All students have their PSAT scores back now and have likely figured out the new format and scoring system. Now that the dust has settled, some students are preparing for the first administration of the new SAT in March. The test has definite benefits for certain students, including those who a) struggle with the fast pace of the ACT, b) struggle with Geometry, or c) have taken a formal Statistics course.
Tutors have quickly realized, however, that PSAT scores appear to be significantly inflated from years past. The percentiles in particular have been very high, so much so that I have only seen one student who scored below the 50th percentile on any test section. While the following is just a conjecture, many in the tutoring community believe that PSAT scores came back artificially high to encourage test-takers to take the new SAT when it rolls out; these test-takers will feel like they are “doing better” on the new SAT.
The College Board has not yet released concordance tables between the old and new PSAT/SAT yet, so we don’t know how new scores line up with old ones. I am still encouraging some students to try the new SAT, but higher percentiles on the PSAT are not a reason to do so. Pick the test you are more comfortable with, and do not assume you know how a score on one test, particularly a real ACT, will convert to a score on the new SAT.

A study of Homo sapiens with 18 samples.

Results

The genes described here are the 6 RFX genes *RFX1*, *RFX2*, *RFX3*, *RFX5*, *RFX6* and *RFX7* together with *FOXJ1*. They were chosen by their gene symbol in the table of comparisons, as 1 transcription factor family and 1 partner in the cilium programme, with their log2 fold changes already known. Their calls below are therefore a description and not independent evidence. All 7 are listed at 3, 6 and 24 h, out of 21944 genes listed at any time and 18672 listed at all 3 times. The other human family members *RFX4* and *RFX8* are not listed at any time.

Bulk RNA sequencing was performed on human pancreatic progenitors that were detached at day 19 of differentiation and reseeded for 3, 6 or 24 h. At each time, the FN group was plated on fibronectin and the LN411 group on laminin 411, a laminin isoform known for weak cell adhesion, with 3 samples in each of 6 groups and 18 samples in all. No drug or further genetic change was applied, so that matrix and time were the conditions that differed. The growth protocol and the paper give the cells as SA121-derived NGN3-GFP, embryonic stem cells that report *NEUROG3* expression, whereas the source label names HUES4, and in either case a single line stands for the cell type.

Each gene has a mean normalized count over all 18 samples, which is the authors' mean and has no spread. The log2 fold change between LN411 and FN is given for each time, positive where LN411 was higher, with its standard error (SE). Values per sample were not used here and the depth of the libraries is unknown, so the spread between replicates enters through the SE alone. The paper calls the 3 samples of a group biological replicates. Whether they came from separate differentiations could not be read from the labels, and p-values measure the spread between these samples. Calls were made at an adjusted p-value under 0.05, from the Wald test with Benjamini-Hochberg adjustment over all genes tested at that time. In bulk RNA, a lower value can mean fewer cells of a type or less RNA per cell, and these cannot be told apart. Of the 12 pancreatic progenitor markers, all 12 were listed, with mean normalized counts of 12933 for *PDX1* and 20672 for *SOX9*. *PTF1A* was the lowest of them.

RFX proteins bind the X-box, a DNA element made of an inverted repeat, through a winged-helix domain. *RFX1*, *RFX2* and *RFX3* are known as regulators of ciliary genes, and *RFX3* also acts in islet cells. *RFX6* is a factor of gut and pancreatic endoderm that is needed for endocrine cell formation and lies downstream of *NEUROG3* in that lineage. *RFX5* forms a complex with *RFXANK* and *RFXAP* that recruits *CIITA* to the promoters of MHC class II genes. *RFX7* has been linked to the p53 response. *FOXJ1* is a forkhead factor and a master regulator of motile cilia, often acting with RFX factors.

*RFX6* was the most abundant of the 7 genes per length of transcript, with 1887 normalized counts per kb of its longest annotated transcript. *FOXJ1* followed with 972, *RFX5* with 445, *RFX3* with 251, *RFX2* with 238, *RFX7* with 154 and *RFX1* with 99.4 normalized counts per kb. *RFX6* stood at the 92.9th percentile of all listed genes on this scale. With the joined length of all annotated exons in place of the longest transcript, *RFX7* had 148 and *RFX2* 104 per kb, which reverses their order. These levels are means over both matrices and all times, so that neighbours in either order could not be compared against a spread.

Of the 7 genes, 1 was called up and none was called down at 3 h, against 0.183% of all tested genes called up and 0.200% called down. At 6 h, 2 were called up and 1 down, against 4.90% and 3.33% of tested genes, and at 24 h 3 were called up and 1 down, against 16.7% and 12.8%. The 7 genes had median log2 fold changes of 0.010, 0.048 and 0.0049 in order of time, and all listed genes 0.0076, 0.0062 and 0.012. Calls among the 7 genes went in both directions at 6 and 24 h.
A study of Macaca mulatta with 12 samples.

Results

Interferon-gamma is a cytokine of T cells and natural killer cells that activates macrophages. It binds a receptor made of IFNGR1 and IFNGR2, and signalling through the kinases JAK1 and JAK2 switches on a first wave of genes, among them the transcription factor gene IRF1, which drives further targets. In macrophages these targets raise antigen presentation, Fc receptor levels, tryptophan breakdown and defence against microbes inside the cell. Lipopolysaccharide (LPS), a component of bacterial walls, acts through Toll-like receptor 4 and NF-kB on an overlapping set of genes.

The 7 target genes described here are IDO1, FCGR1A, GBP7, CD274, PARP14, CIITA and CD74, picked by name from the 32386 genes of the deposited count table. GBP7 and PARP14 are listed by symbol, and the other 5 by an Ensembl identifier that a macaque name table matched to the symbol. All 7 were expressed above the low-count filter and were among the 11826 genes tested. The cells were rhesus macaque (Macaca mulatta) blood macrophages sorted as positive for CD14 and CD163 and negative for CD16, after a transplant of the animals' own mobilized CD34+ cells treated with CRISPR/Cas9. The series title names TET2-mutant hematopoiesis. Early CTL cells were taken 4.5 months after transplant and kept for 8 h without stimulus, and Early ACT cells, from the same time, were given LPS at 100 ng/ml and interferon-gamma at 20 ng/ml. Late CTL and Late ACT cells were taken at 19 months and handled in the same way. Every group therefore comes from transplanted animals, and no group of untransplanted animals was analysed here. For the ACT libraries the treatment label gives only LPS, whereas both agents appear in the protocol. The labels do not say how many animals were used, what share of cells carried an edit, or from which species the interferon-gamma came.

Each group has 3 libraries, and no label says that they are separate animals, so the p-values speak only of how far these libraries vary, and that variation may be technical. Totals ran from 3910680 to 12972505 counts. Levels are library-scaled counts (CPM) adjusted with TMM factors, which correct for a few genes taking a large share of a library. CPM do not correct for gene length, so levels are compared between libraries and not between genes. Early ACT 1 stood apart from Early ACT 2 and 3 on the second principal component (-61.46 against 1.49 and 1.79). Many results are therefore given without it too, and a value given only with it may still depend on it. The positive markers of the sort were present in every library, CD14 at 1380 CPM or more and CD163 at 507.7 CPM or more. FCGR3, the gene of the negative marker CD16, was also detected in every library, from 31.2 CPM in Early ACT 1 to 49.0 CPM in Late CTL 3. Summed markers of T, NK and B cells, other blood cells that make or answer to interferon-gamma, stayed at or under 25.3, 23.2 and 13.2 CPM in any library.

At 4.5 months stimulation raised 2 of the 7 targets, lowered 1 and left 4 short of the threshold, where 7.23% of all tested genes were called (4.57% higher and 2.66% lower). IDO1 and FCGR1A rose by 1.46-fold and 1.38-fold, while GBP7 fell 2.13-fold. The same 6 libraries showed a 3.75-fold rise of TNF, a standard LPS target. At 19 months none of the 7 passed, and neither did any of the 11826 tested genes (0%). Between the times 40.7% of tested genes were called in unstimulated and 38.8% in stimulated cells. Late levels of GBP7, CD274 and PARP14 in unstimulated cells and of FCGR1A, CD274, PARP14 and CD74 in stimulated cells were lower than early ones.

Although they have received much less fanfare, the ACT has also introduced some changes over the past couple years, most notably in the essay, a new version of which was introduced in September. Unfortunately, the introduction of the new essay has come with some inconsistencies in the scoring system as well; these have only recently been getting publicity.
Without going into the technical details, ACT essay scores were much lower than expected in the essay’s first few administrations – many students who were good writers with high English scores received very low essay scores. Recently, news has come out that some students appealed their essay scores and received score bumps of as many as twelve points (on a 36-point scale). Such changes were very surprising because they indicate just how far off the ACT essay graders might have been in the first rounds of scoring the new essay.
Please be aware that you can have your essay rescored for $50, and if ACT does change the essay score, then you get your $50 back. If you think you may have received an incorrect score on your ACT essay, consider this option.